This is the symbol used universally to represent disability. You see it in many places such as disabled toilets and disabled parking spaces. It is a very useful symbol I admit, but it does not represent everyone who may consider themselves as disabled.
To be disabled means to be confined to a wheelchair all the time, right? Wrong! Some disabled people are wheelchair bound, but an awful lot are not. Before my successful hip replacement I used a wheelchair, but not all the time, I used it for long distances, as it would get too painful to walk a long way. Some days my hip would be more painful than others and on my bad days I would use the chair more. This concept of a fluctuating disability was very hard for some people to get their head around. How come I turned up to school one day perfectly able to walk and the next I turned up in a wheelchair? Someone cruel once said I must be faking it to get attention. I got no extra help from support staff on my bad days in school and no one would offer to push me in my manual chair, and this was in a special school for disabled children. People were confused, a disability does not change from day-to-day, either you are unable to walk or not was how people seemed to think. The looks I got when I was in my chair and suddenly stood up to reach something or got out and walked were sometimes quite funny.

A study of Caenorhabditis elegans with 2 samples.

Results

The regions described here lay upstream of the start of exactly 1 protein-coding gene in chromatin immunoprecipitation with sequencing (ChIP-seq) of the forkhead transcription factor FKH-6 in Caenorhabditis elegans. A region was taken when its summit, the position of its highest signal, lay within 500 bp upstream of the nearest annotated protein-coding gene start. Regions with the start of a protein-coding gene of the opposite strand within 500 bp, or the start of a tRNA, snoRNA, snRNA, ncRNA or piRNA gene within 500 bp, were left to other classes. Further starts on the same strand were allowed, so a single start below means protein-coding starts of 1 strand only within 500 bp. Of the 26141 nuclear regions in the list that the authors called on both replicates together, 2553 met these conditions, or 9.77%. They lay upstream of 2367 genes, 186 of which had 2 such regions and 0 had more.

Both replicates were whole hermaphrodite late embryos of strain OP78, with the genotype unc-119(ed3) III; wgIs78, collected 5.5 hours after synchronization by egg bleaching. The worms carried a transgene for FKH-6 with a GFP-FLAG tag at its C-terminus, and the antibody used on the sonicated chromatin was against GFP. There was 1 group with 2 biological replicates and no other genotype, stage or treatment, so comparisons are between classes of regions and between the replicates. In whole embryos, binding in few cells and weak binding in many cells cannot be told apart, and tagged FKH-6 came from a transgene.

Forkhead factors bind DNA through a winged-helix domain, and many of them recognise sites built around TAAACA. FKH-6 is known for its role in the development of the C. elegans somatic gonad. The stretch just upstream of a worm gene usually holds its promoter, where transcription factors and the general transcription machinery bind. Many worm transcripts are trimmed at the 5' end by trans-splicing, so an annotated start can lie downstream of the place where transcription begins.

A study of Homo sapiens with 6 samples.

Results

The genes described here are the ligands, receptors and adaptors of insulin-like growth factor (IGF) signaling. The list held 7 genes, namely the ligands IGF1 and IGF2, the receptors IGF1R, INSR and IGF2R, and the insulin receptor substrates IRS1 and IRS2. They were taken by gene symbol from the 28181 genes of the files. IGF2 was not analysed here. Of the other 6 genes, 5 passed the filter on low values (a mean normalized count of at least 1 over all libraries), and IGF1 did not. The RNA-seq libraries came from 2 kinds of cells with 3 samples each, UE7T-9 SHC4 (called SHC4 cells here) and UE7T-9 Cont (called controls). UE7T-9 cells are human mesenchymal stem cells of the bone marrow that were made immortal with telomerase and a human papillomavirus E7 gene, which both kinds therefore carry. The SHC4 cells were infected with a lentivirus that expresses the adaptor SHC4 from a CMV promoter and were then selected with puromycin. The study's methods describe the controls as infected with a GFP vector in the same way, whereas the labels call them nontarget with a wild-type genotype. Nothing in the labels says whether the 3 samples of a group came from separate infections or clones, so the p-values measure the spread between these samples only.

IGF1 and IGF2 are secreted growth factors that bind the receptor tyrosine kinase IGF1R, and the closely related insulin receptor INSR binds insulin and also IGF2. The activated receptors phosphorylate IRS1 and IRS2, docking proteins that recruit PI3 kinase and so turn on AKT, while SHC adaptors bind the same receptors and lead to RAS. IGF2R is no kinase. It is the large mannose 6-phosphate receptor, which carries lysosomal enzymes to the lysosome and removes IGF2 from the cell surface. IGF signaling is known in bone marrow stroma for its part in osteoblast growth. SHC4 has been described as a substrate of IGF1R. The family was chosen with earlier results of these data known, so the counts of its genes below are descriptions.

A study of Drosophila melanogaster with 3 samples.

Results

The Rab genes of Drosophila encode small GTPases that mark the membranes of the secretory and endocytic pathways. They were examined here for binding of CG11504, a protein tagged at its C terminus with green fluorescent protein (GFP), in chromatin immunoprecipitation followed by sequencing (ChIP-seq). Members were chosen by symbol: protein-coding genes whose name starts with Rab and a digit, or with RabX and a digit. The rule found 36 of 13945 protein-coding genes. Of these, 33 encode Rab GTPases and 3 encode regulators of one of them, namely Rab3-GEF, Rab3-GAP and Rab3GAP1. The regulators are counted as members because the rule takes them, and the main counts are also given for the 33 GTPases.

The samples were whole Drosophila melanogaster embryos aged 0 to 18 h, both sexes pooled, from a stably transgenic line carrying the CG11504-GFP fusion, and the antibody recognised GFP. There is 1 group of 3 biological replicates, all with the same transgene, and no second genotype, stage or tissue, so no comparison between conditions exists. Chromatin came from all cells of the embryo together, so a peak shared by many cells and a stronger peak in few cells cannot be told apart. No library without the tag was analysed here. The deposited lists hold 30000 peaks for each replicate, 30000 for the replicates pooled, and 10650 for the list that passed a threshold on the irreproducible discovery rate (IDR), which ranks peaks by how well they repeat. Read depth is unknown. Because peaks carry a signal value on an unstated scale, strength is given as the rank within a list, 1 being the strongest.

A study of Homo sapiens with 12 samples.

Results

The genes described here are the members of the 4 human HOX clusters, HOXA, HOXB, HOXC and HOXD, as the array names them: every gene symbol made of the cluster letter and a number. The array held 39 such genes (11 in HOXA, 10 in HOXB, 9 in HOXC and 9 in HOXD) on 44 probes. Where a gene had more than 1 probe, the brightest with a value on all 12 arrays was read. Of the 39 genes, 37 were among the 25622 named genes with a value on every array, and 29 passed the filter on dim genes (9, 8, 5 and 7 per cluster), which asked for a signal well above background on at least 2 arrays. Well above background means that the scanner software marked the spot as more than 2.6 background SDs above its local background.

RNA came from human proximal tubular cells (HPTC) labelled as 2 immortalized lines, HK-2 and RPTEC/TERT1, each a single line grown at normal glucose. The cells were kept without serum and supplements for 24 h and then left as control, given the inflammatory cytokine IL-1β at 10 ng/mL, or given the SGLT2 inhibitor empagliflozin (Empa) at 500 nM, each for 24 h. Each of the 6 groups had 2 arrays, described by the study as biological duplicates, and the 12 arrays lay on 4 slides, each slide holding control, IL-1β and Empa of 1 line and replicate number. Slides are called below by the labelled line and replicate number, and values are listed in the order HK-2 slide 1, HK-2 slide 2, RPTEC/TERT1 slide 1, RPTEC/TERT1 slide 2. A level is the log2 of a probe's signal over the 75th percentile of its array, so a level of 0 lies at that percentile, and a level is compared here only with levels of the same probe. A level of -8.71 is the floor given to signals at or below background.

At various points in my life I have used crutches or a walking stick to get about. When on crutches I sometimes got asked what I had done to myself to end up needing to use them. People seem to associate crutches with broken bones or injuries of some kind. It was kind of hard to explain about a hip issue that I was born with. Crutches are for the clumsy it would seem, not the disabled or so people assume. With a walking stick people still expect you to be able to walk quite a long way it seems, having been made to walk quite long distances by various college tutors. I think a walking stick confused some people as they are not seen as something young people would use.
Until a year ago I had a disabled parking badge. Although I can not drive, I used the badge with other people when they drove to places with me. It helped me to park closer to the place I was going or to have a bit longer parking time as I walked slower than most people. I went though fazes of not using any walking aides at all, but still could not walk long distances. The number of people who assume that as you are not using a walking aid you must be faking it or ‘borrowing’ someone else’s parking badge is quite high. Most people never said this to my face when I got out of the car, although I did see some funny looks from time to time. I found this out on a Facebook group I joined for people angry at those who misuse disabled parking spaces. They post some very rude, angry comments about people using badges with no walking aids what so ever, but loads of us always comment back saying not all mobility problems and disabilities can be seen and we try to explain that you get a badge on the grounds of how far you can walk and not how you walk. Not all disabilities have a visual to go with them such as a walking aid or clear deformity. I think hidden disabilities are one of the hardest to convince other people of, that they are real and do have issues that go with them.
I think some people need to rethink disability, not all disabled people are alike. A lot do not use wheelchairs all the time, some may never have used one. People are often too quick to judge someone without knowing anything about them.